6 Must-Read Award-Winning Horror Books
With impressive seals of approval, these books are sure to frighten you until the very end.By Jessica Ferri October 10, 2016
For most horror fans, there’s nothing like finding out about a great read from a friend you trust. But some of us want even more proof that the books we read are winners. Luckily, that’s where the awards system comes in. Between the Bram Stoker Awards, the Shirley Jackson Awards, the Locus Awards and more, professional horror writers who know what scares you judge these well-established prizes for horror books. And they’re not letting anything less than spectacular get through.
Want more creepy books? Sign up for The Lineup’s newsletter, and get the eeriest reads delivered straight to your inbox.
1. Wylding Hall, by Elizabeth Hand
Winner of the 2015 Shirley Jackson Award for Best Novella, Elizabeth Hand’s Wylding Hall tells the story of the acid-rock band who made the mistake of recording an album in a haunted manse. Shortly after completing the album, the band’s lead singer wandered off, never to be seen again. Now, years later, the remaining members of the band and their partners have returned, armed with a psychic and a photographer, and are determined to discover what happened to their friend all those years ago. But maybe they should’ve let sleeping secrets lie—because what happens at Wylding Hall stays at Wylding Hall.
2. The Resurrection Man’s Legacy: And Other Stories, by Dale Bailey
If you thought this election season was the stuff of nightmares, you obviously haven’t read the work of Dale Bailey. In his first collection of dark, fantastical stories, the dead come back to vote in the Presidential election, a census taker stumbles upon a town in the bayou frozen in a particularly horrifying time in American history, and a father anxiously ruminates over the fate of his unborn child. Given the sheer terror exhibited in these stories, it’s no surprise The Resurrection Man’s Legacy was nominated for a Locus Award for Best Collection, and his short “Death and Suffrage”—which is featured in the collection—won the 2002 International Horror Guild Award for Intermediate Form. If what you read here terrifies you, you’re in luck. Bailey is also the author of four novels and numerous short stories, including “The End of Everything”—which won the Shirley Jackson Award for Best Novelette in 2014.
3. Our Lady of Darkness, by Fritz Leiber
From the grand master of horror, fantasy, and science fiction, Fritz Leiber’s Our Lady of Darkness was based largely on his own autobiography. Like Leiber, the protagonist of Our Lady of Darkness, Franz Westen, is also recovering from the death of his wife—sliding into alcoholism and depression. Also like Lieber, Westen is an amateur astronomer. While gazing out his window at the stars, he’s astonished to see a figure waving at him from a hilltop miles away. When he hikes out to the top of the hill and looks back his apartment, the same person (or thing) waves back at him. Chills! This dark, twisted fantasy book won the World Fantasy Award for Best Novel in 1977, and Leiber was honored with many awards during his lifetime, including the Lifetime Achievement Lovecraft Award and the Grand Master Nebula Award.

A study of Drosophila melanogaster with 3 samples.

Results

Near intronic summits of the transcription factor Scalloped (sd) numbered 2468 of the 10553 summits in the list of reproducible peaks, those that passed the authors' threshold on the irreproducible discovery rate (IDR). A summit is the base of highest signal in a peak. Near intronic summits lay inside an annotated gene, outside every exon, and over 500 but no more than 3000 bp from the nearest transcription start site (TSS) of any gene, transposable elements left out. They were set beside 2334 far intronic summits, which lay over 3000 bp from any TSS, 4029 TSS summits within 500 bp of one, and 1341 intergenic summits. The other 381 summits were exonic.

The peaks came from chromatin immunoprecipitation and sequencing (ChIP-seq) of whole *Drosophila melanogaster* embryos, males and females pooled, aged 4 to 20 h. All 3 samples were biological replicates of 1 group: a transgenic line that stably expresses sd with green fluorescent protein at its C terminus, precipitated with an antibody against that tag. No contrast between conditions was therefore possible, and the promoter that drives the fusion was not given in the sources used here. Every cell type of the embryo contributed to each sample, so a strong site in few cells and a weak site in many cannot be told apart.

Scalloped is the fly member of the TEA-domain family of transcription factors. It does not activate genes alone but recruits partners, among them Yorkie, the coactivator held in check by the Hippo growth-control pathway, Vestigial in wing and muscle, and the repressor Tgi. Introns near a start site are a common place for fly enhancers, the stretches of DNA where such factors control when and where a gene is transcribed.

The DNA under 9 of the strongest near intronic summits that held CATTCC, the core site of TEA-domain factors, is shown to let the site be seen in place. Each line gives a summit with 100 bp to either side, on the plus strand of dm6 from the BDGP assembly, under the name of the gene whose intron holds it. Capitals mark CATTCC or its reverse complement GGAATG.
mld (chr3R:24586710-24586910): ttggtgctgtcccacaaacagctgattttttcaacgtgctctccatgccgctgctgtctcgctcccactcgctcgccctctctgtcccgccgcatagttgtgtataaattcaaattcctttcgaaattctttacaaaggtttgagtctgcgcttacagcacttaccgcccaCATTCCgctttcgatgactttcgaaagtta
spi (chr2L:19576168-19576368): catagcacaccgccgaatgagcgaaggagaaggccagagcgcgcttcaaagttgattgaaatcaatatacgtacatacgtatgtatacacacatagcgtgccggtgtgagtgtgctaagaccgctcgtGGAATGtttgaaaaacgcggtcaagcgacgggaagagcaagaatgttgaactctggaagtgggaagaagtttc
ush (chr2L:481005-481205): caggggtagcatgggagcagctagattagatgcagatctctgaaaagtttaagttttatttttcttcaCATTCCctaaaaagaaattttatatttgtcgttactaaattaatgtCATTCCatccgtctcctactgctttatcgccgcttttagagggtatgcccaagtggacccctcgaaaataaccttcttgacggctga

4. Boy’s Life, by Robert R. McCammon
Call it a sixth sense or what you will, but, as only children can, Cory Jay Mackenson has picked up on some strange things in his hometown of Zephyr. But the day he and his father watch a car drive off the road into the lake holds the one sight Cory can’t forget. When his father jumps in to save the driver, he instead finds a murder victim—a naked corpse handcuffed to the steering wheel. Robert McCammon is the bestselling author of 19 novels, and his work has been compared to the likes of Stephen King and Ray Bradbury. If that’s not enough of a selling point, Boy’s Life won both the World Fantasy Award and the Bram Stoker Award when it was published in 1991.
5. Zombie, by Joyce Carol Oates
Though most know Joyce Carol Oates as the prolific, bestselling author of sagas like We Were the Mulvaneys and The Falls, in the late 1980s Oates ventured into genre territory—influenced and inspired by Gothic Literature. Her 1995 novel, Zombie, explores the mind of a terrifying serial killer, based on the life of Jeffrey Dahmer. Quentin P. hopes to create an army of sex slave zombies by altering his young male victims’ brains. As his brutal mission for control escalates, Oates explores the devastating and horrific mind of one of the most notorious serial killers of all time. The book won the Bram Stoker Award for Superior Achievement in a Novel in 1995.
6. A Head Full of Ghosts, by Paul Tremblay
Horror writer Paul Tremblay’s A Head Full of Ghosts blends Rosemary's Baby with House of Leaves and Big Brother—an astonishing and terrifying mix that won him the Bram Stoker Award for Superior Achievement in a Novel in 2015. When a family’s two young daughters begin exhibiting strange behavior outside the normal teenage rebellion, their father determines the elder daughter has been possessed by a demon and calls in a priest for an exorcism. The two men then make the strange decision to film the entire ordeal as part of a reality television show, only further complicating the family’s situation and the truth of their daughter’s illness.
This post is sponsored by Open Road Media. Thank you for supporting our partners, who make it possible for The Lineup to continue publishing the true crime and creepy stories you love.